Still no business case for Aussie NFC: analyst


Banks, telcos face prisoners' dilemma on near field communications.

Australia may lack the scale and “burning need” to support a business case for contactless mobile phone payment technology, an industry analyst has suggested.

According to Lance Blockley of financial services consultancy Edgar, Dunn & Company, local banks and telcos faced the theoretical prisoners’ dilemma, refusing to cooperate fully on NFC.

NFC (near-field communications) was playing a growing role in facilitating transit, bill payments, and marketing elsewhere in the Asia Pacific region, with Japan and South Korea leading the charge.

More basic, SMS-based technologies are being used in the transfer of more than US$1 billion a month across the Philippines’ 7,107 islands, where 80 percent of residents were unbanked.

“Asia has pioneered the use of mobile phones for payments,” Blockley told a Sybase customer conference in Sydney this week.

But while individual telcos, governments and financial institutions have led international rollouts, the local industry was “dancing around” Australia’s relatively small market, 99 percent of which use banks.

Blockley said there were 16 million Australian adults with payment devices, “only a segment” of which would use contactless mobile phone payment technology.

Banks and telcos claimed to be deterred by a lack of NFC standards, but according to Sybase’s mCommerce senior Vice President Matthew Talbot, “that’s not stopping them”.

“There are enough standards out there now to get that to happen,” he told iTnews at the conference. “There are examples [of NFC offerings] around the world, but it takes a lot of time.”

Blockley blamed a lack of cooperation between Australia’s finance and telecommunications sectors for preventing the takeoff of NFC despite various local trials since 2007.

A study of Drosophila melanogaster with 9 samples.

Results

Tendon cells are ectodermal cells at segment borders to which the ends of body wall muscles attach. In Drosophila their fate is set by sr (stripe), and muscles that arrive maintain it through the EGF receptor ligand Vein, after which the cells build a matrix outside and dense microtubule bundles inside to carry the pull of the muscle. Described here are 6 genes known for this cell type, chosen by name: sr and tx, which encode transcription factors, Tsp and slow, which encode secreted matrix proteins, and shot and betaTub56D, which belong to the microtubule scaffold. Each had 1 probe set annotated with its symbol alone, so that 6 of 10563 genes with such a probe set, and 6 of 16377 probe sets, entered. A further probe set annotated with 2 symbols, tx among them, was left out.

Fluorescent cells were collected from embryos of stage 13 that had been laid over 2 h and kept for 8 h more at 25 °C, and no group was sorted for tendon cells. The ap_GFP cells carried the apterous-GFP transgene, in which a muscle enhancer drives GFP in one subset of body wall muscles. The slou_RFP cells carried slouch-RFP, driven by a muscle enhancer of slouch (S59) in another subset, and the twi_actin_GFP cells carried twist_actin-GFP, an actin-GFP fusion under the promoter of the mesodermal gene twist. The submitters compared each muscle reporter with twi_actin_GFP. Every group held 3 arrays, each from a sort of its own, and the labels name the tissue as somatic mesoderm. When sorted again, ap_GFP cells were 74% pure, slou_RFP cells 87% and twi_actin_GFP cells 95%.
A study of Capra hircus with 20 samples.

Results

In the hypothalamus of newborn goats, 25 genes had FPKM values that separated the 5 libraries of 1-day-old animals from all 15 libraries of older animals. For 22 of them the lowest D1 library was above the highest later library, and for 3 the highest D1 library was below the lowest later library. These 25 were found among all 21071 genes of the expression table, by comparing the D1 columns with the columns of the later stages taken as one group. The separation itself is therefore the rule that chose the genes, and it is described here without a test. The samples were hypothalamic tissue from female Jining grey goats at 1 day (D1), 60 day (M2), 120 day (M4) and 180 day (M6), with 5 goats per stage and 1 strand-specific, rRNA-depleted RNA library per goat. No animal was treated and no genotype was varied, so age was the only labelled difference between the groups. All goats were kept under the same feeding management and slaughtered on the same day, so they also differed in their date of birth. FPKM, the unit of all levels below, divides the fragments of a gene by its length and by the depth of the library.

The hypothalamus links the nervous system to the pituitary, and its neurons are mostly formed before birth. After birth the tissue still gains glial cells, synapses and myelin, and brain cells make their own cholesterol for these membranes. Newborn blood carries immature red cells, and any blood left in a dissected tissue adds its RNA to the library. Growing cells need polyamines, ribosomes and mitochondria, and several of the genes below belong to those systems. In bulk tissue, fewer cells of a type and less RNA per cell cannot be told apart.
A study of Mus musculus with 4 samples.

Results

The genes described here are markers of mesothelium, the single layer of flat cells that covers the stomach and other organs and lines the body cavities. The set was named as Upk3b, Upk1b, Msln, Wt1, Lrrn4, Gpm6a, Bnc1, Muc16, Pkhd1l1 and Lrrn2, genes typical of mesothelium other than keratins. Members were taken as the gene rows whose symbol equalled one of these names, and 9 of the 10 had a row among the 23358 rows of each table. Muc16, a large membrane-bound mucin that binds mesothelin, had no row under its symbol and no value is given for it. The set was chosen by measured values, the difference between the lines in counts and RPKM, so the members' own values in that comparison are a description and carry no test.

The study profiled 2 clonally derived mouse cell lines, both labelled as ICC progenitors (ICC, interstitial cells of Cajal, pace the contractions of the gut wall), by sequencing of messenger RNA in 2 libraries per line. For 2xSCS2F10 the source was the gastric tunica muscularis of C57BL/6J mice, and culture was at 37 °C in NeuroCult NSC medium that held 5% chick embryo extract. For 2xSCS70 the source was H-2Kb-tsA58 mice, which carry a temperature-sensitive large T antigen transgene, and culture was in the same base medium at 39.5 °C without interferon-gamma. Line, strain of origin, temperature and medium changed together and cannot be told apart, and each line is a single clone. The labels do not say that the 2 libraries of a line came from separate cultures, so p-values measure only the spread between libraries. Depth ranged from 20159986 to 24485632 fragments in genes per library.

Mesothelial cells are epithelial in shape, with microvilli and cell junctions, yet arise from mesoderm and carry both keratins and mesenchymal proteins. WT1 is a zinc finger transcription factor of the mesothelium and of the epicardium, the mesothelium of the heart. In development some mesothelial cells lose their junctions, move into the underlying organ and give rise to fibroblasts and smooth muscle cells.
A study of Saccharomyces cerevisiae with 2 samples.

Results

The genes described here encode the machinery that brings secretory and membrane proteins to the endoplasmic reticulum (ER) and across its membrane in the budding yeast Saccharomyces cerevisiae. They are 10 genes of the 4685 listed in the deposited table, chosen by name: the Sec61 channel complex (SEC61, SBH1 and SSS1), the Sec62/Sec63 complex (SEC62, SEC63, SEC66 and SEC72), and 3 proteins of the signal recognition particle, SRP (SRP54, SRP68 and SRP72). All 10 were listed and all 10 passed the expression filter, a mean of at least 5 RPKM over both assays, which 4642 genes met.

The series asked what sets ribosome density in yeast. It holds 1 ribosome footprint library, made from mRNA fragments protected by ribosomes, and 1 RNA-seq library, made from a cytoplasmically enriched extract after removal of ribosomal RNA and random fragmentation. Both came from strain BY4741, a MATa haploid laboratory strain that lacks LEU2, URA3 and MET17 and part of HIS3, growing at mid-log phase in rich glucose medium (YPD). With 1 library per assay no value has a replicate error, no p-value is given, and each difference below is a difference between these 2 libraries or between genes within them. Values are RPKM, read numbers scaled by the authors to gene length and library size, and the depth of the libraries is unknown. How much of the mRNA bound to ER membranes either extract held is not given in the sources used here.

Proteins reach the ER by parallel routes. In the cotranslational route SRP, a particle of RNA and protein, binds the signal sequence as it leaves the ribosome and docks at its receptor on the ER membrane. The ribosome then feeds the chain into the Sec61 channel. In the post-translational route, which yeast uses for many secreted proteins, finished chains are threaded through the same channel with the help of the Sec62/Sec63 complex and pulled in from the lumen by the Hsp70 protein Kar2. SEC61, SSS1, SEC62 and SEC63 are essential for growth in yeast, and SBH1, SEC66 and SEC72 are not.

He described the prisoners’ dilemma, in which players were rewarded if they all cooperated, rewarded more if they did not cooperate while others did, and punished if they cooperated but others did not.

“If everybody clubbed together, so we have all carriers and all the banks on one ecosystem, then maybe you’d get a critical mass [of customers] much faster,” he told iTnews.

“Banks have to be telco-agnostic. Telcos have to be bank-agnostic. But each player wants an advantage over the other.”

Defining a business case for NFC was complicated by the fact that benefits would be shared by merchants, technology vendors, mobile network operators, banks, and users.

The Philippines’ GCash service – now used for salary remittance and bill payments – was launched in 2004 by Globe Telecom in attempts to grow SMS traffic, Blockley said.

Last week, Google unveiled contactless payment app, Google Wallet, from which the search giant could profit by combining it with coupon listing service, Google Offers.

Blockley said NFC proponents needed to identify “what the gap in the market is”, noting that “you don’t see people walking around the streets in Australia wondering how to pay for things”.

Sybase’s Talbot said new mobile payment offerings had to add value to existing services in developed markets, where “you aren’t going to replace the Visas and Mastercards of the world”.

He highlighted an Austrian SMS-based parking payment method that contacted drivers before their permits expired, and cigarette vending machines that could use stored data to verify customers’ ages.

“There’s always a value-add there,” he said.

Neither Talbot nor Blockley were aware of industry-wide NFC discussions. Both declined to speculate on when the technology would take hold in Australia.

“As the need is a bit nascent, hard to quantify, and hard to build a business case around, everyone is dancing around the perimeter without grasping at it,” Blockley said.

“When that’s going to happen is anyone’s guess.”

Talbot said contactless credit cards from Visa and MasterCard would likely pave the way for mobile phone NFC – especially after retail giant Woolworths rolled out contactless terminals this year.

“You may find that we’re being led in this country by the MasterCards and the Visas,” he said. “This market is going to be driven by the cards initially, and slowly, [mobile NFC is] going to happen.”